Five climbers die in sudden snowstorm on highest mountain

·2-min read

Five climbers have died after they got caught in a sudden snowstorm on Russia's Mount Elbrus, the highest mountain in Europe.

The incident struck when a group of 19 climbers were at an altitude of over 5,000 metres.

The other 14 members of the party were rescued on the peak in the Caucasus in "the most difficult conditions”, with high winds and heavy snow amid temperatures of minus -20 Celsius, the regional emergency ministry said.

Pictured in this image are a group of US mountaineers, one of who lost his way in a blizzard on Mount Elbrus at an altitude of some 5,000 metres and sent an SOS signal. Four members of the Elbrus high-altitude search and rescue team of Russia's Ministry of Emergencies rescued the US national. Russian Emergencies Ministry/TASS/Sipa USA
One of the US mountaineers lost his way in a blizzard on Mount Elbrus and sent an SOS signal. Source: AFP/Handout

Eleven of the survivors were taken to hospital.

The group of Russian climbers sent out a mayday call on Thursday, the ministry said.

The company which organised the climb said there were four professional guides accompanying the climbers.

During the ascent, one of the climbers felt unwell and turned back with one of the guides. She later died "in his arms," it said.

The rest of the group continued to the summit but an "unprecedented storm" struck on their way down.

One of the climbers broke a leg, further slowing down the group.

"Probably because of this, the group lost time, the weather deteriorated catastrophically... They decided to split the group into three parts - those going faster and those going slower," Denis Alimov, who organised guides for the climb, told TASS news agency.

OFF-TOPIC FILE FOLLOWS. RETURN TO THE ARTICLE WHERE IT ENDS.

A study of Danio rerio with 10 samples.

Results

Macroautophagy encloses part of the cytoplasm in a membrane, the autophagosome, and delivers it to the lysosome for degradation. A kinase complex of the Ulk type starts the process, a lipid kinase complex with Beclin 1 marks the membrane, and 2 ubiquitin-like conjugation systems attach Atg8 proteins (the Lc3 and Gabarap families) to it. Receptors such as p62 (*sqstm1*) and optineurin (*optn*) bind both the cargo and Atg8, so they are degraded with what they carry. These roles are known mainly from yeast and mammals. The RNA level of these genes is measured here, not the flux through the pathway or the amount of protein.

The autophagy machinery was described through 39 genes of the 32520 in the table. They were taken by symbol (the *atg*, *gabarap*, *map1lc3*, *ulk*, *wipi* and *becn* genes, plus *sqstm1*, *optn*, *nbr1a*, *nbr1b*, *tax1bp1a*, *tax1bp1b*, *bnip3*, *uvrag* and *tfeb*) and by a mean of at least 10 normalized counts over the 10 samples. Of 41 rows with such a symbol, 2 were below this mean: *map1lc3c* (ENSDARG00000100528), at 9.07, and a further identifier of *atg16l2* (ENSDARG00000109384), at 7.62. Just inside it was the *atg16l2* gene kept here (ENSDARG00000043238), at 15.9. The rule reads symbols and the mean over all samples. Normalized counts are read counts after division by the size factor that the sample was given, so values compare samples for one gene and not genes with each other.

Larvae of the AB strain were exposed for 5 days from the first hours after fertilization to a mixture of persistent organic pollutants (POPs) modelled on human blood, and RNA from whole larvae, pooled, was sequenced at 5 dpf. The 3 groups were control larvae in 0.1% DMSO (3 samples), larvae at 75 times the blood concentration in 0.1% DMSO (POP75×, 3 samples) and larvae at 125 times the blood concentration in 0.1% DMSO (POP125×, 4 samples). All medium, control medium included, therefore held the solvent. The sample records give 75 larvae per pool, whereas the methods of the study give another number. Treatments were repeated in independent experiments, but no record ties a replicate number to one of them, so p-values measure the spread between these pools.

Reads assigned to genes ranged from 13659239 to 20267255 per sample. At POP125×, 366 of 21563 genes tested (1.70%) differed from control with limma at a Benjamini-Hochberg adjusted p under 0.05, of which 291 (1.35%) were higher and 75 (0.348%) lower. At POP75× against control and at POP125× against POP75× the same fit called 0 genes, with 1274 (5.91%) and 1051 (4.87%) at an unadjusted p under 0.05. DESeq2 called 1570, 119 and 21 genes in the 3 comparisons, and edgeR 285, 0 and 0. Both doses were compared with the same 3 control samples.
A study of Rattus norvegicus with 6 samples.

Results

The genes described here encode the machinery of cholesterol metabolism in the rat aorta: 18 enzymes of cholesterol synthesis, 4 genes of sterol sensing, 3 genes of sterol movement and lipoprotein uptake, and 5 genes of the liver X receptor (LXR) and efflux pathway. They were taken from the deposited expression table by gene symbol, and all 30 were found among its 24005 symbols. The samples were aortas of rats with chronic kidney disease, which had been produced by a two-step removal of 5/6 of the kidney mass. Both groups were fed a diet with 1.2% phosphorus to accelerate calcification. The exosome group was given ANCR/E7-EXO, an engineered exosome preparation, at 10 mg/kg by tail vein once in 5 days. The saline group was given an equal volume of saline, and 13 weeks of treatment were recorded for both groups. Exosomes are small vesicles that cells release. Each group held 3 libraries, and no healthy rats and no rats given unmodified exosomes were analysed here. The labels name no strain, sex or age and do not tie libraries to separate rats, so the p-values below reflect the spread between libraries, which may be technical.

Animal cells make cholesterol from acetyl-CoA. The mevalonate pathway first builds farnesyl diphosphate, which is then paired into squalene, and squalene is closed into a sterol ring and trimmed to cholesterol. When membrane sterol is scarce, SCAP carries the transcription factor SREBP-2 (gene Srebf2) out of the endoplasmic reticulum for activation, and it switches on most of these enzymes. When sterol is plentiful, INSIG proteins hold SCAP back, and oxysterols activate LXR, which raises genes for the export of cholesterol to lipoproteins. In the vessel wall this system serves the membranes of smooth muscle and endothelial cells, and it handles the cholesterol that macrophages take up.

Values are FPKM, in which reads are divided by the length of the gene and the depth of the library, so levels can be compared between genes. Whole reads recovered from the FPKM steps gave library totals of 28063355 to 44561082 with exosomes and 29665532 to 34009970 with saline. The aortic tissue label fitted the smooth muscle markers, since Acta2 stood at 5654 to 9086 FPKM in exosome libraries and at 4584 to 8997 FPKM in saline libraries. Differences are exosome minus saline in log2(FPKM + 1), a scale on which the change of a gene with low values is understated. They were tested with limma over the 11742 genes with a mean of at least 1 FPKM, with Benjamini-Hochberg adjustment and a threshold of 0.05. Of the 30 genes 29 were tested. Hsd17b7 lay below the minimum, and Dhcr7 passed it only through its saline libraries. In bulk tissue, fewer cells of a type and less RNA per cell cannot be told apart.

KABARDINO-BALKARIA, RUSSIA - SEPTEMBER 24, 2021: Rescue service workers help a surviving member of a group of climbers during a search and rescue operation on Mount Elbrus in the Caucasus Mountains. Several climbers have died while ascending Mount Elbrus in unfavourable weather conditions, at -20 degrees Celsius, with the wind speed of around 40 metres per second and the visibility not more than 1 metre. Russian Emergencies Ministry/TASS/Sipa USA
RIGHT: Rescue service workers help a surviving member of a group of climbers during a search and rescue operation on Mount Elbrus in the Caucasus Mountains. Source: AFP/Handout

"As they descended, two more people died in one of the groups. But the decision to split up was the right one, otherwise there might have been more casualties.”

Two climbers froze to death and two others lost consciousness and died as they were brought down, the company said.

The guides and some of the participants have been hospitalised with frostbite.

While the ascent is not considered technically difficult, dozens of climbers die every year during summit attempts.

Elbrus, located in Russia's North Caucasus, is the highest mountain in Europe at 5,642 metres.